Serena Williams’ 2014 US Open title was widely celebrated as the 18th Grand Slam singles victory and sixth US Open women's singles title of her career, matching legends Chris Evert and Martina Navratilova for third all-time (behind Margaret Court and Steffi Graf) among Grand Slam titles and tying her with Evert for the most women's singles crowns in the Open era.
Lost amid the adulation, however, was that her 2014 title came 15 years after she won her first, in 1999 – a new record for the greatest number of years between first and last U.S. singles crowns.
It was a 44-year-old record many thought would not be broken. In 1970, Ken Rosewall won his second men’s singles title, a victory hailed as a triumph for age and endurance; Rosewall was 35 at the time and had captured his first men’s singles crown in 1956, 14 years earlier. That broke – by a healthy three years – the 11-year gap that had stood as the record since 1911, set by Bill Larned and matched in 1926 by Molla Mallory.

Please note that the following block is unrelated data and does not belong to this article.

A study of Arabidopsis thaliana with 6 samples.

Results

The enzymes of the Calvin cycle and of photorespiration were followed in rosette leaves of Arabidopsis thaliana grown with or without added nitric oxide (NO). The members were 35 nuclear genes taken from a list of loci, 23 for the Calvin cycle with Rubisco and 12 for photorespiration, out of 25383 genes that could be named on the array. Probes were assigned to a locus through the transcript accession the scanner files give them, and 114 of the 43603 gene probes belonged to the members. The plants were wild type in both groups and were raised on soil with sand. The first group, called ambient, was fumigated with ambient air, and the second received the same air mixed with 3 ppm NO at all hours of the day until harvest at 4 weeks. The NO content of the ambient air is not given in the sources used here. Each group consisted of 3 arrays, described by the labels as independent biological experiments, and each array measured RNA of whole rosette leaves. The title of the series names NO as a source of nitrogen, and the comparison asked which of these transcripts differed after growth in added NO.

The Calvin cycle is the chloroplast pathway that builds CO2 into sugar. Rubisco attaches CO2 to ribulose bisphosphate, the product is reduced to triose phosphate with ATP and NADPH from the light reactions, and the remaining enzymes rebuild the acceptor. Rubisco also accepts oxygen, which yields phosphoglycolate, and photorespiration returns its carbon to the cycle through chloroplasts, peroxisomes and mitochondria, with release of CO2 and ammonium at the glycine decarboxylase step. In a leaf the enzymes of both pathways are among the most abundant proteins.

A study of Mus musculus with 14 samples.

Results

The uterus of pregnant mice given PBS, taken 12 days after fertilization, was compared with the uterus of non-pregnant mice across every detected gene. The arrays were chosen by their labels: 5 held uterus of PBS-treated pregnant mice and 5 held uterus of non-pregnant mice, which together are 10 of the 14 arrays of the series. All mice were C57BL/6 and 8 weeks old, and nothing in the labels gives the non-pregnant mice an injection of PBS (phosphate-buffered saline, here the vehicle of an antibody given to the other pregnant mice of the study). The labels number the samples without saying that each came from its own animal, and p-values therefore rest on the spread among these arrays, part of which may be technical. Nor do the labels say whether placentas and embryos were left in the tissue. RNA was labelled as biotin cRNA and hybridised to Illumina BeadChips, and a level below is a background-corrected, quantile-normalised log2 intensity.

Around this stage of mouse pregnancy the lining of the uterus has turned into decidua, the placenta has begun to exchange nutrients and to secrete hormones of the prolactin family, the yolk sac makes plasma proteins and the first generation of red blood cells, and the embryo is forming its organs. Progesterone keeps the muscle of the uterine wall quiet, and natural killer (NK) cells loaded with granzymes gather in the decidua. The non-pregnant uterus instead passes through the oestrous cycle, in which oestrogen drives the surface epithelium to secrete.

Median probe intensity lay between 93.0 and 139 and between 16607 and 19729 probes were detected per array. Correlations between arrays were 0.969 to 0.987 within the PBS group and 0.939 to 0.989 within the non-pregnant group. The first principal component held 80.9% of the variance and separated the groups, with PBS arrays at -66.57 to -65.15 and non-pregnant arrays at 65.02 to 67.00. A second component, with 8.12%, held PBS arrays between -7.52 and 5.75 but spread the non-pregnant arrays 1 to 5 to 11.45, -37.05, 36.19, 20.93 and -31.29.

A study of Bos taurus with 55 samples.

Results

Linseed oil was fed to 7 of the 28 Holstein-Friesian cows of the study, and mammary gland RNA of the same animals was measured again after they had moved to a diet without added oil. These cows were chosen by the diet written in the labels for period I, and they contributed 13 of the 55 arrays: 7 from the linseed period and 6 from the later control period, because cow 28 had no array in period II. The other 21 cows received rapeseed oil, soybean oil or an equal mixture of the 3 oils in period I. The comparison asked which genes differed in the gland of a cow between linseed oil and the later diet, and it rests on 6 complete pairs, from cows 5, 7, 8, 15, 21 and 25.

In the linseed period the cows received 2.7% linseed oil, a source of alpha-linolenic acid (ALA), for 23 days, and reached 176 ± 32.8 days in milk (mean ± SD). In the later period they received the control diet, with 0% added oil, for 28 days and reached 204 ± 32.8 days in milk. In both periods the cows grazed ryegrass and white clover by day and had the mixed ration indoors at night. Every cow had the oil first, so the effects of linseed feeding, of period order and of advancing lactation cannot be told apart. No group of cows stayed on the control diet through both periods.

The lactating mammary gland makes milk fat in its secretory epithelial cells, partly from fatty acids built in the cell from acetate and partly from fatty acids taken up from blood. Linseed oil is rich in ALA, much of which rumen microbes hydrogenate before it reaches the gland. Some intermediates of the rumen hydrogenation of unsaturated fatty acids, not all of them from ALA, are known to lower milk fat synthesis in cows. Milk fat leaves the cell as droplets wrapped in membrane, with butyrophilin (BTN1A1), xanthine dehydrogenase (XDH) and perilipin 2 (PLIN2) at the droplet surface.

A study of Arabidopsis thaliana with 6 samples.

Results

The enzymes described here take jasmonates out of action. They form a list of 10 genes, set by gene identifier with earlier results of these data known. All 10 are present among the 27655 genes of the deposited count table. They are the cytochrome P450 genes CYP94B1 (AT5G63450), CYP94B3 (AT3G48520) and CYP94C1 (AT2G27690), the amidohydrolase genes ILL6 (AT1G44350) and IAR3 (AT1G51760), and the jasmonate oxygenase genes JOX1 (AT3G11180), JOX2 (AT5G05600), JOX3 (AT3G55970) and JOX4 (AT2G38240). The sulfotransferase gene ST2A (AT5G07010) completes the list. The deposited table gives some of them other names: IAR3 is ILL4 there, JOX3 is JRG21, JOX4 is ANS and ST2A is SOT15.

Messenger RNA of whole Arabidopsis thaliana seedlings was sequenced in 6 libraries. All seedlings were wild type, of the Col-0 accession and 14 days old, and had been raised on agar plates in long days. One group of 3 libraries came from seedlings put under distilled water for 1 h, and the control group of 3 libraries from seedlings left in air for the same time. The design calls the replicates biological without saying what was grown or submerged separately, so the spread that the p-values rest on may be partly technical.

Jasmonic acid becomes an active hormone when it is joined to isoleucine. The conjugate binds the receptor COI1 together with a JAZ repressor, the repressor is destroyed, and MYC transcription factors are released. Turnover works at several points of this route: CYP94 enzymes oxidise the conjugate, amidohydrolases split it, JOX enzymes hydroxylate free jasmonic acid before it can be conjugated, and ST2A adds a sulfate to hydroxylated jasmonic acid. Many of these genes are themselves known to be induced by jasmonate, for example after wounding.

That Serena could top Rosewall is a testament to one of the most remarkable aspects of the American’s enduring tennis legacy – her longevity and ability to adapt her game to defeat rivals of all stripes. In 1999, Serena dispatched Hall of Famers Lindsay Davenport and Monica Seles en route to the title; neither has played a competitive singles match in eight years. By contrast, Serena’s fellow 2014 US Open quarterfinalist, Belinda Bencic, was only 2 years old at the time of Serena’s initial Open triumph.
So can 15 be broken? It seems improbable, with fewer and fewer players claiming major titles at young ages these days. (The last teenager to win a Grand Slam singles title was Maria Sharapova at the 2006 US Open.) But then again, Serena will likely be the favorite to capture a record-breaking seventh women’s singles crown in 2016 – extending that nearly unbreakable mark from 15 years to an unassailable 17. Perhaps then, that new record will receive the admiration it deserves.